Old 11-16-2007, 04:34 PM

Anyone into him, (so to speak!)?

Would love to hear what people make of his ideas. I can just about, just about, understand them...

Liberty, in'it.
I am just reading about Sarte, very new to it all.
Here's what I'm listening to:
http://www.teach12.com/ttcx/coursede...tual%20History

The author stated Sarte wrote 20 pages a day for 60+ years.
One of the main ideas i took away is how our reactions to our emotions is a choice we make. We can't use 'emotion' as an excuse for why we behaved or reacted a certain way.

The prof is going over Sarte's novel Nausea. I haven't read it, nor have I read anything by Sarte. Truthfully, i'm being a bit cautious wading into a bunch of existentialism theory. It can be somewhat dour, with lots of focus on the futility of it all.
But i'm exploring it from the outside, seeing if i'll follow up on it.

Have you read anything by him?

Not that the bad habits were Sartre's fault, but self pity/self abuse went well with statements like "Every living thing is born without reason, preserves itself out of cowardice, and dies by chance." I'm quoting that from memory, but it was something like that. Oh, yeah, and the last line from No Exit, "Hell is other people." Gotta love that one, especially when in-laws are visiting.

I did like his novels--not Nausea so much as The Age of Reason and Troubled Sleep--and his plays, but the philosophy was just too much Hegelian hijinks to make sense to me.

I vaguely remember the distinction between Being in-itself and Being for-itself, or at least my interpretation of it: We human folks are being for itself, having constantly to make decisions, choices, etc--we never have the luxury of simply "being,"
in the way of being-in-itself (physical objects, abstract ideas, etc)--we are "condemned to be free"--but are always attempting to act otherwise, since the act of constantly making choices is painful. So we declare "I'm in love" as if it were a permanent state when in fact it requires constant work--especially for a horndog like my man Sartre. We live in bad faith when we convince ourselves that we simply "are" something.

Probably interesting for someone who calls himself an "alcoholic" to think about, but not necessarily healthy. Today I worry about myself if I spend too much time in heavy abstract reading--it's a pleasant way to pass time but doesn't do me nearly as much good as going out and doing things, being with other people...all the stuff I avoided in the past.

Tonight's philosophy lecture has been brought to you by Really Strong Coffee: Have a cup today! What the heck, have two!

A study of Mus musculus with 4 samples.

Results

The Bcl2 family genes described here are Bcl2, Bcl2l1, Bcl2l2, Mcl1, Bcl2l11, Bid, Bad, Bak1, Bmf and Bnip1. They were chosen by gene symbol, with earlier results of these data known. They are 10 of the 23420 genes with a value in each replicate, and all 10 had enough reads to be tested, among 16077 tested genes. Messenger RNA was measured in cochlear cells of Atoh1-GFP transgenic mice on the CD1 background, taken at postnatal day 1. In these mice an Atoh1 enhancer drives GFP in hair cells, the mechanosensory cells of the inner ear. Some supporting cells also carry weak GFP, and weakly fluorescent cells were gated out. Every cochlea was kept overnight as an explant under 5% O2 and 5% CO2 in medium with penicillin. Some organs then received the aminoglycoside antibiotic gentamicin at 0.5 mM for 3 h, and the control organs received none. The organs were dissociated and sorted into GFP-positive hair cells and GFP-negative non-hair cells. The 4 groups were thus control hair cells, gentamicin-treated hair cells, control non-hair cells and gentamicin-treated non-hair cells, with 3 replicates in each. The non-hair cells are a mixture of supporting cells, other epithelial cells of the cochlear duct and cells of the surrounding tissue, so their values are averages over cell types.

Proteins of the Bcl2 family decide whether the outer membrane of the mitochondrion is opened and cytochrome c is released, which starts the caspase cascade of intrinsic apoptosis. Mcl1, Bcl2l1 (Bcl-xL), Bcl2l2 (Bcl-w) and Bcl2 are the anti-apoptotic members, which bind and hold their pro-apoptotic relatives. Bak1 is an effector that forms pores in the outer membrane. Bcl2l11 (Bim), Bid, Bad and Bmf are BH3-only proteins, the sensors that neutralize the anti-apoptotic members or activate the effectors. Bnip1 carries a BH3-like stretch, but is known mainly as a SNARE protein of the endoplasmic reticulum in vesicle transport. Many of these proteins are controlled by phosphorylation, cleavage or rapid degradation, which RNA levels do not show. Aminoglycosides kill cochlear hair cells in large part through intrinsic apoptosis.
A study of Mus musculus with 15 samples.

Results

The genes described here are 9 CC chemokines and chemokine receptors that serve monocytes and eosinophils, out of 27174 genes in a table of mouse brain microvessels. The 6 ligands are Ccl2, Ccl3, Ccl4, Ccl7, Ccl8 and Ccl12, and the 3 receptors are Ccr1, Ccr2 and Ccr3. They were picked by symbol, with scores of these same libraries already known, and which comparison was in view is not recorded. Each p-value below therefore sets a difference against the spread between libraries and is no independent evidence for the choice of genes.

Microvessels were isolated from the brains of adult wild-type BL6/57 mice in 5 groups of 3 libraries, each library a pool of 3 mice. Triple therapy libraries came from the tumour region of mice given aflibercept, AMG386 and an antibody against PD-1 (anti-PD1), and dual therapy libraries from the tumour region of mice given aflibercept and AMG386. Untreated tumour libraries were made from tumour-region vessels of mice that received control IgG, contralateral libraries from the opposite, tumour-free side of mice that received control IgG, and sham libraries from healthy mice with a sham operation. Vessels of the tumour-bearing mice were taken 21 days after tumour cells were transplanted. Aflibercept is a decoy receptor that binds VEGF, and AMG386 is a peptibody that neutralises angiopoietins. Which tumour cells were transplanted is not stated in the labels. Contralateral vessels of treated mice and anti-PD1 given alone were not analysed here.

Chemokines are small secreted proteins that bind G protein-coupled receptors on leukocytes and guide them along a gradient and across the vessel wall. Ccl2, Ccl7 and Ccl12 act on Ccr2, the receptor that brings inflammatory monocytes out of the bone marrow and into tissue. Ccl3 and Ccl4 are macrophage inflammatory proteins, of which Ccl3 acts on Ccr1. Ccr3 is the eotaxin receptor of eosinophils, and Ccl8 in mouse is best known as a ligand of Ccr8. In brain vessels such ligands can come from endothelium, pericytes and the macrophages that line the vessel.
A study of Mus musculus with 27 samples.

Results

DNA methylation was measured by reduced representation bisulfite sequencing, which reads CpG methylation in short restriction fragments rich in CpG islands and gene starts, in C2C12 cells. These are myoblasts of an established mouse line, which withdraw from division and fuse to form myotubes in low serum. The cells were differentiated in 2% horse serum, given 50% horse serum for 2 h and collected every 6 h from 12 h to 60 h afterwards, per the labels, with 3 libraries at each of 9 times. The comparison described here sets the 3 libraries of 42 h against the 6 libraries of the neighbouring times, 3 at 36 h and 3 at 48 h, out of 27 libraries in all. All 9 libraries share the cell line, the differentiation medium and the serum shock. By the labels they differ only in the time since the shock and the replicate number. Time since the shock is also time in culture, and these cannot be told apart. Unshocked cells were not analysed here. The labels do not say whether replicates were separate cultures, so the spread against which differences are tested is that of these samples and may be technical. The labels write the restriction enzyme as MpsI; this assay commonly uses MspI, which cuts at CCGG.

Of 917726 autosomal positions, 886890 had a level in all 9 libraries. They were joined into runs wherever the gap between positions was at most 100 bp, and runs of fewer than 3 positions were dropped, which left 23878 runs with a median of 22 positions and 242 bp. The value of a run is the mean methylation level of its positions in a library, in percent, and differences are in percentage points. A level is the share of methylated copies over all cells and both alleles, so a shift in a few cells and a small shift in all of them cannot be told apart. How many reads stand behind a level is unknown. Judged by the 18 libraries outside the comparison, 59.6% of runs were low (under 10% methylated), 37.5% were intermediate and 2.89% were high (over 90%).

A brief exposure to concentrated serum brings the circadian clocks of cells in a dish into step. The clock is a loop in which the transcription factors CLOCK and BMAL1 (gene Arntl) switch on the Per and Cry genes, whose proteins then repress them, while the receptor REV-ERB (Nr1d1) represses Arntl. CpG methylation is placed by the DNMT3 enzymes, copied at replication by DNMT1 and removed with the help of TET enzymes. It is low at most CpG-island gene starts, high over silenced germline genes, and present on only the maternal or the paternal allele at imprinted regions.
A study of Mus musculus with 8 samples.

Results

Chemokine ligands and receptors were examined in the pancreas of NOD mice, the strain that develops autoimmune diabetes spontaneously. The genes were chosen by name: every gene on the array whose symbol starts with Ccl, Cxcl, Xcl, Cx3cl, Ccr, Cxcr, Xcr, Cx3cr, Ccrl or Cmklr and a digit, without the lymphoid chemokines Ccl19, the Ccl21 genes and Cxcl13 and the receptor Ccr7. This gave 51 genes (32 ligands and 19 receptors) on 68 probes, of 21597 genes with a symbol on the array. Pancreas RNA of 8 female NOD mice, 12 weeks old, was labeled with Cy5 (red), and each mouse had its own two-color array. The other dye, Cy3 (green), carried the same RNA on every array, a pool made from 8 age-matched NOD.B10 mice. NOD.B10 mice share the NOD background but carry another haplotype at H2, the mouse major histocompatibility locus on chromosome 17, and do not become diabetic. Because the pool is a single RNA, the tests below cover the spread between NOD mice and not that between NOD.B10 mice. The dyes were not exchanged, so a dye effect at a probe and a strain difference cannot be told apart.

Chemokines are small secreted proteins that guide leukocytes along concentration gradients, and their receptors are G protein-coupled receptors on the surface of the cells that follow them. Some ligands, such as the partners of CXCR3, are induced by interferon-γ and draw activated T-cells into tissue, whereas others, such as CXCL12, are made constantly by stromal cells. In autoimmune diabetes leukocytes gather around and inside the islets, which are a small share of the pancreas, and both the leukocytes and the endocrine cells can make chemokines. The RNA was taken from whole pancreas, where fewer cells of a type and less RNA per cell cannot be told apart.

Not that the bad habits were Sartre's fault, but self pity/self abuse went well with statements like "Every living thing is born without reason, preserves itself out of cowardice, and dies by chance."...
Today I worry about myself if I spend too much time in heavy abstract reading--it's a pleasant way to pass time but doesn't do me nearly as much good as going out and doing things, being with other people...all the stuff I avoided in the past.
I agree. It is wandering around without a base. And when a base is found, to mock it and feel bad about finding it. It doesn't lead to feeling strong in the world.

He can “muddy the shallow water, just to make it seem deep".

I know what you mean about 'influence' - JPS smoked about a hundred ciggys a day, never owned a thing, sat in Paris cafes, went from women to women - hardly someone whose work I perhaps should let influence me.

I think what appeals though is the idea of personal responsibility. A sort-of irrational mind pitched against irrational universe - but actually celebrating that fact, embracing it, and striving to become more free and more peaceful, happy, caring, giving etc. Well within one's means, a series of choices, no less.

Anway, thanks for your really interesing responses!
Yardbird, I agree about the abstract etc - not always healthy. I've known plenty of people, myself included, who have modelled themselves on self destructive 'intellectuals'...but the problem being they have not the money or talent to actually be like them! Role models are important. But I think there is places for JPS in recovery! Some of his work can be read in an impowering way.
His writing is soooooo deep and I completely connect with what he's trying to say...
(They were just joking, and so am I! I'm not suggesting that anyone goes out and drinks!)

Immanuel Kant was a real pissant
who was very rarely stable,
Heidegger, Heidegger was a boozy beggar
who could think you under the table,
David Hume could out-consume Schopenhauer and Hegel,
And Wittgenstein was a beery swine
who was just as schloshed as Schlegel.
There's nothing Nietzsche couldn't teach ya
'bout the turning of the wrist,
Socrates himself was permanently pissed...
John Stuart Mill, of his own free will,
with half a pint of shandy was particularly ill,
Plato, they say, could stick it away,
half a crate of whiskey every day,
Aristotle, Aristotle was a beggar for the bottle,
Hobbes was fond of his dram,
And Rene Descartes was a drunken fart,
"I drink therefore I am."
Yes, Socrates himself is particularly missed;
A lovely little thinker
but a bugger when he's pissed.
One of the main ideas i took away is how our reactions to our emotions is a choice we make. We can't use 'emotion' as an excuse for why we behaved or reacted a certain way.
"We live in our actions and our reactions."
It's a line in a song by the Great Lake Swimmers.

We do have the power to choose our reactions. Understanding why our emotions influence/ affect us as we do is the key to making better choices.

Not to suggest I have that figured out yet, but I get the idea. It's like The Man said, it's about personal responsibility. Each responsible for one's own self. No-one has the power to control another. Only suggest.